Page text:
November 5th probably seems like deja vu for the people of Longmont, Colorado. For the third time, the voters will respond to a ballot question that will impact their community's connectivity. Past referendums addressed whether or not the community could use its fiber ring for connecting businesses and residents.
They now have that authority. This year the question will be "when?"
Local incumbent providers grossly outspent municipal network supporters in 2009 and in 2011 with astroturf campaigns against referendums. Nevertheless, voters decided in 2011 to grant the local utility permission to use existing fiber resources to bring connectivity to businesses and residents.
Since then, Longmont Power and Communications (LPC) began a slow build-out of fiber to businesses and homes within 500 feet of the existing loop. Local businesses, frustrated with poor service from Comcast and CenturyLink, jumped at the opportunity to have real high-speed connections. With a long list of businesses in queue for their connections, the City Council voted to use LPC reserve funds to connect businesses and residents to the loop. Clearly, the people of Longmont were ready for something better than the existing incumbent services.
Local blogger Steve Elliott connected to the service in September. To satisfy his curiosity, he ran speed tests immediately before and after he transitioned from Comcast service.
Comcast timed in at 26.08 Mbps download and 5.76 Mbps upload. LPC provided 89.99 Mbps download and 62.01 Mbps upload.
I also timed downloading movies on Netflix on my TV. Before, I could run upstairs, get an adult beverage and be back in my chair before the movie loaded. Now – if it takes 10 seconds – it’s a really long movie.
After a month with LPC fiber and new computer system, Elliott ran more speed tests. Results topped out at 739.66 Mbps download and 534.75 upload for LPC Fiber.
Elliott also compared prices:
Comcast: $71.95 per month ($863.40 per year)
LPC Fiber $49.95 per month ($599.40 per year)
We compared Comcast to Longmont fiber in this entertaining comic strip.
Elliott is not the only Longmont resident who wants to connect to LPC fiber. Calls to "get it done" from residents and businesses did not fall on deaf ears at the May Longmont City Council meeting. The Council voted unanimously to bring fiber to every resident and business that wants it. Next, community leaders and LPC investigated financing. The reserve fund, developed from years of dark fiber lease revenue, could pay for the expansion but the project would drag out over a decade.
Rather than see the project finished in more than ten years, the community can become entirely connected within three years with a $44 million revenue bond issue. LPC will use $35.4 million as capital to build out the network and the remaining as reserve for debt-service. State legislation sponsored by USWest from 2005 imposed the referendum requirement on local communities; the voters must decide. USWest became Qwest became CenturyLink.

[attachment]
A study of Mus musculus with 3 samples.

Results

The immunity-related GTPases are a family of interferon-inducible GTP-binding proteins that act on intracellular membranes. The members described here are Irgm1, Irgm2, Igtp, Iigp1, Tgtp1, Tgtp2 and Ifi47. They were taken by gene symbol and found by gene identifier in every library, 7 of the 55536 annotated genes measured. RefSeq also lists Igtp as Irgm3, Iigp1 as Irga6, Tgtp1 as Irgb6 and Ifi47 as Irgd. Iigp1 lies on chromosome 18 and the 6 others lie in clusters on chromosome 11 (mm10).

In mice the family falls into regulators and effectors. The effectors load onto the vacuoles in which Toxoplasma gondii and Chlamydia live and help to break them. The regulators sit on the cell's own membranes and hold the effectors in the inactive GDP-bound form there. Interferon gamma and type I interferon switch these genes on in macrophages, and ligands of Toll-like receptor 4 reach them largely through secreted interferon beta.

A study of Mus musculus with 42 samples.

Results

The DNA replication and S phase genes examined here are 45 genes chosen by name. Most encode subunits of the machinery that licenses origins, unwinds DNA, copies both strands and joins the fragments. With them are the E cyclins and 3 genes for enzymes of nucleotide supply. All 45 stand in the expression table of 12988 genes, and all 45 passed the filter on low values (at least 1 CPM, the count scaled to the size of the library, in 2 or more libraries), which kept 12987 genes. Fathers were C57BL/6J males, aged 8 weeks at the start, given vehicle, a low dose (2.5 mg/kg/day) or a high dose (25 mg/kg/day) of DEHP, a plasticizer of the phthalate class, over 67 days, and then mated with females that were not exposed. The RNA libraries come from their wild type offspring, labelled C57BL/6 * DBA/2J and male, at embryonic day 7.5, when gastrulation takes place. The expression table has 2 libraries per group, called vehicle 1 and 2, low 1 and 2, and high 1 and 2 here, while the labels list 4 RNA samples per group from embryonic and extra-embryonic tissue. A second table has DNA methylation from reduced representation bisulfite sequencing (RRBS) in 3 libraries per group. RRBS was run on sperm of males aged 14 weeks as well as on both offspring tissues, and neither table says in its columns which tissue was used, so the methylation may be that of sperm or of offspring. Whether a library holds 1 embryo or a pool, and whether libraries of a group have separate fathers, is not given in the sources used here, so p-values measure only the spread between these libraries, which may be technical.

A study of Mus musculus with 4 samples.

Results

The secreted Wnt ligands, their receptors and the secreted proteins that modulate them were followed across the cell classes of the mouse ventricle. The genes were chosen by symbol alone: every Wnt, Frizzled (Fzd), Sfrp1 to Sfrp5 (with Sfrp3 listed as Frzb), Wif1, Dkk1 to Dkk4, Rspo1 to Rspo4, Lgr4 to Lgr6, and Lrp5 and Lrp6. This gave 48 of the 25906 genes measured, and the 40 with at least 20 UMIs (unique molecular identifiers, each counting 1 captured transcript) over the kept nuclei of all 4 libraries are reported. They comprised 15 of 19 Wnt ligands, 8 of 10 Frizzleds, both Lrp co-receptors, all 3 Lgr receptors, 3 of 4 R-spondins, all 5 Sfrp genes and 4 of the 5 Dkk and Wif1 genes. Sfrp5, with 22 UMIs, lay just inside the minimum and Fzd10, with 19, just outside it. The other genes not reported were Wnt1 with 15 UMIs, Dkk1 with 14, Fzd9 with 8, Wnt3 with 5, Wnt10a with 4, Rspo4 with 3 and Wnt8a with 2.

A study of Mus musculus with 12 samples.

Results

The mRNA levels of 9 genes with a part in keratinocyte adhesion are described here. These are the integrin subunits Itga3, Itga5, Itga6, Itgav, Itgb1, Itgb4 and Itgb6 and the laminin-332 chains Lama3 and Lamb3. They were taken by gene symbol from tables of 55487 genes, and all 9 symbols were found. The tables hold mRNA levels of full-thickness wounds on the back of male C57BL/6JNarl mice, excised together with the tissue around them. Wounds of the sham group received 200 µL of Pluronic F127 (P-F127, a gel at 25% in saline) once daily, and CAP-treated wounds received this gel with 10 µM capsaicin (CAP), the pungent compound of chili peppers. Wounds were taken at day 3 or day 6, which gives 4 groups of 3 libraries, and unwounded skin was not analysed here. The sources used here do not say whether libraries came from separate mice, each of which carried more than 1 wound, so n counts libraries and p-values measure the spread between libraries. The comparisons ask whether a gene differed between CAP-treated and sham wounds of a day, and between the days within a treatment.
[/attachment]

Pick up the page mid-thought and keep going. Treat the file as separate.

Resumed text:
The Times-Call reproduced the 2B Ballot Question language:
"Without raising taxes, shall city of Longmont debt be increased in an amount not to exceed $45,300,000 by the issuance of revenue bonds for the purpose of financing fiber optic system capital improvements to provide high-speed broadband service, including but not limited to internet, voice and video services; and shall the bonds be paid solely from the city's electric and broadband utility enterprise revenues and be sold in one series or more at a price above, below or equal to the principal amount of such Bonds and with such terms and conditions, including provisions for redemption prior to maturity with or without payment of a premium of not more than 3%, as the city council may determine?"
Unlike past referendums, gigantic telecom providers have not spent large amounts of cash to fuel misinformation campaigns this time. Local citizen group, Friends of Fiber, is prepared to face-off against Comcast and CenturyLink. From a Times-Call article:
"It's as baffling to us as it is to you," said Scott Converse of the pro-2B group Friends of Fiber, which had been expecting to see another large push by the telecom companies. So far, he said, the only "anti" activity anyone in the group had seen was a telephone poll in September by Frederick Poll, a Virginia-based firm.
"We're wondering if maybe there's going to be a push near the end," Converse said. "I can't imagine why they're waiting."
The silence is welcome but a little eerie.
Update: In a letter to the editor, George Oliver wrote:
We have been providing our own electricity for more than 100 years and our rates are among the lowest in the nation. The same will be true if we expand our own fiber network. Because Longmont Power & Communications is a not-for-profit agency of the city, our low rates and network availability will help to retain and attract businesses to our city. This is the kind of visionary investment that will pay big dividends down the road.